CMA grads become Marines

Posted: March 3, 2013 2:04 p.m.
Updated: March 4, 2013 5:00 a.m.

 

Marine Corps Pfc. Hunter W. Fitch and Pfc. Robert S. Semmler, both 2012 graduates of Camden Military Academy, earned the title of United States Marine after graduating from recruit training at Marine Corps Recruit Depot, Parris Island.

For 13 weeks, Fitch and Semmler stayed committed during some of the world’s most demanding entry-level military training in order to be transformed from civilian to Marine instilled with pride, discipline and the core values of honor, courage and commitment. Training subjects included close-order drill, marksmanship with an M-16A4 rifle, physical fitness, martial arts, swimming, military history, customs and courtesies.

One week prior to graduation, Fitch and Semmler endured The Crucible, a 54-hour final test of recruits’ minds and bodies. Upon completion, recruits are presented the Marine Corps emblem and called Marines for the first time.


Citadel cadets named to the Commandant’s List are recognized for having made the most positive contributions to their platoon, company, battalion, or staff, the South Carolina Corps of Cadets and The Citadel during the previous semester.

Funderburk, a Civil Engineering major, is a member of Bravo Company.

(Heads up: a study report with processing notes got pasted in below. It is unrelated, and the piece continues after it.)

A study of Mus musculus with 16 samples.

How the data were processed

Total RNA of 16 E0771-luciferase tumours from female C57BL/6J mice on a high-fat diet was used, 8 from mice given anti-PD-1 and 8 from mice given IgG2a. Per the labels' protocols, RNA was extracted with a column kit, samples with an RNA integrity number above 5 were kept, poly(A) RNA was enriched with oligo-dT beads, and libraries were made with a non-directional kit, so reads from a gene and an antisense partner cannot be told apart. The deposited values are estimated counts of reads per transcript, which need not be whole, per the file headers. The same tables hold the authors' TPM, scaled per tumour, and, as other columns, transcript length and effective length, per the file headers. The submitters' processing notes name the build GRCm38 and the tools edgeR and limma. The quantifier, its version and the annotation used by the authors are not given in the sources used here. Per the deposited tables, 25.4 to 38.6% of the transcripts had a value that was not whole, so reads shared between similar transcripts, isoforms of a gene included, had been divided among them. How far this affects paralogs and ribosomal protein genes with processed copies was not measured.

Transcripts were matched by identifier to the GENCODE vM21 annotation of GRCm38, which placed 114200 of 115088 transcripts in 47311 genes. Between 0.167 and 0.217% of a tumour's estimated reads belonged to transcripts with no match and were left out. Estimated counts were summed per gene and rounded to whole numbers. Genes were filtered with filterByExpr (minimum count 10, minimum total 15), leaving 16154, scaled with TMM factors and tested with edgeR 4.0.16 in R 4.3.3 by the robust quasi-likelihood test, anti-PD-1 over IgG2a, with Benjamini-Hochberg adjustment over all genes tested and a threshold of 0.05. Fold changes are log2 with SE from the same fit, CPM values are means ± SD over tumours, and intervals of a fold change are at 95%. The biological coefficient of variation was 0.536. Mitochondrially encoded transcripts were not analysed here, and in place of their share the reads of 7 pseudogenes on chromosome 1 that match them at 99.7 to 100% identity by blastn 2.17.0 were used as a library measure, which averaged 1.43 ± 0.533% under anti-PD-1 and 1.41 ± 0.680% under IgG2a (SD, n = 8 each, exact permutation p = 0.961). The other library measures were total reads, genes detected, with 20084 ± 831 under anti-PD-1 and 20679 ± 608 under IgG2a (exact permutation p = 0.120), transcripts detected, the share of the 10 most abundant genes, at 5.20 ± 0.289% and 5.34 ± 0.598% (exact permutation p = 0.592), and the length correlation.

The Citadel, founded in 1842, is a public, coeducational military college in Charleston, S.C., that offers a classic military education for young men and women seeking a college experience that is intense, meaningful and academically strong. With the core values of honor, duty and respect, The Citadel prepares principled leaders for the military as well as the global workplace.


For 13 weeks, Jenkins stayed committed during some of the world’s most demanding entry-level military training in order to be transformed from civilian to Marine instilled with pride, discipline and the core values of honor, courage and commitment. Training subjects included close-order drill, marksmanship with an M-16A4 rifle, physical fitness, martial arts, swimming, military history, customs and courtesies.

One week prior to graduation, Jenkins endured The Crucible, a 54-hour final test of recruits’ minds and bodies. Upon completion, recruits are presented the Marine Corps emblem and called Marines for the first time.

Jenkins is a 2011 graduate of Camden High School.


Operation Enduring Freedom is the official name given to anti-terrorism military operations involving U.S. troops and allied coalition partners. Active duty and reserve component members from all branches of the U.S. armed forces have been deployed to support the war against global terrorism outside the borders of the United States. U.S. troops serve in South, Southwest and Central Asia, the Arabian peninsula, the Horn of Africa, islands in the Pacific, and Europe.

Matthew is a squad leader assigned to the 4th Airborne Brigade Combat Team, 25th Infantry Division at Joint Base Elmendorf-Richardson, Alaska. She has served in the military for six years.